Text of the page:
4. PERG: PS21/19 - Changes to the SCA-RTS and Approach Document

  • Posted on: 17 December 2021
  • Written by: Matthew Baxter

PS21/19 introduces new guidance in Chapter 15 of the Perimeter Guidance Manual (PERG) related to exclusions from the scope of the Payment Services Regulations 2017 (PSRs). The updated guidance is related to two exclusions, the so-called ‘Limited Network Exclusion’ (LNE) and the ‘Electronic Communications Exclusion’ (ECE). Importantly, this means firms need to review the updated guidance to ensure they still meet the conditions for exclusion.

Without being involved in FCA discussions on the topic of exclusions, one could get the impression from the latest guidance that the FCA has been aware of an increasing number of cases whereby entities have used the exemptions with a wider interpretation than intended in order to circumnavigate the need for authorisation.

Limited Network Exclusion (LNE)

And so the obvious first question, what is the LNE? Well, the LNE focuses on specific payment instruments that can only be used in a (very) limited way. The limitations that apply cover the premises, service providers and the range of goods or services available for which the payment instrument can be used. As such, a difficulty for some entities has been determining what is considered suitably limited when it comes to these payment instruments.

What has changed?

In the update to PERG15.5, the FCA has extended its guidance to include features of a payment instrument that do not provide sufficient limitations, taken from the recitals of PSD2. These features include functionality of the payment instrument to acquire goods and services within more than one limited network or acquire an unlimited range of goods, general purpose instruments and instruments that can be used in a network of providers that continuously grows. Additional to these updates, there is wide ranging guidance on:

  • the use of terms and conditions to limit a payment instrument:
  • requirements for direct commercial agreements between the issuer and merchants:
  • issues related to the ability of a network to grow; and
  • membership caps

Electronic Communications Exclusion (ECE)

So then, what is the ECE? The ECE applies to “payment transactions resulting from services provided by a provider of electronic communications networks or services” e.g. mobile phone network operators. The premise of this exclusion is to allow providers of electronic communications networks or services to complete payment transactions for services that are linked to communications services provided to a subscriber to the network or service. Additionally, previous guidance detailed that the exclusion only applies to the purchase of digital content or when performed for donations or the purchase of tickets. It is important to remember throughout, that the payment must be charged to the related (mobile phone) bill for communications services.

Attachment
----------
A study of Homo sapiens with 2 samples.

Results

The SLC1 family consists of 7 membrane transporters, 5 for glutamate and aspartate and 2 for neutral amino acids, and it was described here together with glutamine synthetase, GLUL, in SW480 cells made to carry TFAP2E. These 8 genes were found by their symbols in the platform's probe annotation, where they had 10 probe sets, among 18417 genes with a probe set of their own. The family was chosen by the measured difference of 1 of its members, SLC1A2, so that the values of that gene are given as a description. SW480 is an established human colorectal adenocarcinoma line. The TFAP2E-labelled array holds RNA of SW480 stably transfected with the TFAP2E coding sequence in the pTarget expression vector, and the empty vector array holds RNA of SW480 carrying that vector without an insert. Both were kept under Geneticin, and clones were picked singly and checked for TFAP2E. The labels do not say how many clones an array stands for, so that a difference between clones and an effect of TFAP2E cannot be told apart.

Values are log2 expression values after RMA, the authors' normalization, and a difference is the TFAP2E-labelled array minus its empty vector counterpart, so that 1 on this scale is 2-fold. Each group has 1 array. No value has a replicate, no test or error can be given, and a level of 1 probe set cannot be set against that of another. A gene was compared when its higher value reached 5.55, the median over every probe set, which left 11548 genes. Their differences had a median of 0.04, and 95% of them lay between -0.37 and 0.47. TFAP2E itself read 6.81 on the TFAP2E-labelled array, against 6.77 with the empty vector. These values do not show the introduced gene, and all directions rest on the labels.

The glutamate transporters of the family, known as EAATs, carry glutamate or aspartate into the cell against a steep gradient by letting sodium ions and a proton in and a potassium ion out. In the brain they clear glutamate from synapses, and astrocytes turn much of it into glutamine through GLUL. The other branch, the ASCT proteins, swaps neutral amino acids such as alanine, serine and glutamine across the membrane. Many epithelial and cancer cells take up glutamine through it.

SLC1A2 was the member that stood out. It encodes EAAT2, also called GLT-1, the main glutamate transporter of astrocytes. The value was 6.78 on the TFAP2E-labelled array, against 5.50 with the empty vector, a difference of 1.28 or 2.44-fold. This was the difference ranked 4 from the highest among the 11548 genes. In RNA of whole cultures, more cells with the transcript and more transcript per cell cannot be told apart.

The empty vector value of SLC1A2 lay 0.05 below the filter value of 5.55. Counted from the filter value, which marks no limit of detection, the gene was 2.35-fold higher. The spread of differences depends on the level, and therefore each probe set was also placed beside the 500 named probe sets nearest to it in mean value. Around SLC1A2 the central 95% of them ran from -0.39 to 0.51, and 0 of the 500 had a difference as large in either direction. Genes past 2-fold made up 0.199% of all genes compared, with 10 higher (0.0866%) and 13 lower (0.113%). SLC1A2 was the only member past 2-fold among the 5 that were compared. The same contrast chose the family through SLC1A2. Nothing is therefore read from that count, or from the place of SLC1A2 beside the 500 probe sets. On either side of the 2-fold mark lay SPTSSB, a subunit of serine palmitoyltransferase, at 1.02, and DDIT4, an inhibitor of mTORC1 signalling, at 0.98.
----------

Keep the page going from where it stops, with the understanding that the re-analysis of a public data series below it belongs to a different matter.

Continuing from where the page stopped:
What has changed?

Similar to the LNE, the FCA has included clarifications on specific cases that might previously have been considered under the exclusion. In this case, it has been specifically stated that the exclusion does not apply to purchases via mobile phones. That said, purchases for digital services can apply if provided in addition to the electronic communications services and charged to the related bill. Clarification has also been included that in no instance does the exclusion apply to the purchase of physical goods.

A new question has also been introduced to PERG15.5. Question 41B focuses on the “cascade” as enabled under the PSRs when dealing with an exclusion. This ensures that where a network operator benefits from the exclusion, the provider of any other payment service related will also benefit. However, the guidance is clear that if the ECE is applied incorrectly, this impacts the other providers involved in the transaction.


There are differing notification requirements for each exclusion. Importantly, in all cases where the ECE is used, the FCA must be notified initially of intention to use the exemption and then provided with an annual audit opinion that confirms compliance with transactions limits.

The case of the LNE is slightly different. Notification is made to the FCA in cases where the total value of payment transactions executed, is in excess of €1 million in any 12-month period. Notification is not required by pre-paid cards provided by local authorities to benefits recipients or government-issued childcare vouchers.

What next?

If you think your firm’s activities fits one of these exclusions, or is incorrectly applying an exclusion, we have a Payment Services department ready to help. While the exclusions covered in the Policy Statement do provide exactly that, an exclusion from needing to seek registration or authorisation, the new guidance may bring into question the application of the relevant exclusion by some entities. Consequently, there is merit in obtaining a professional opinion from FCA compliance experts.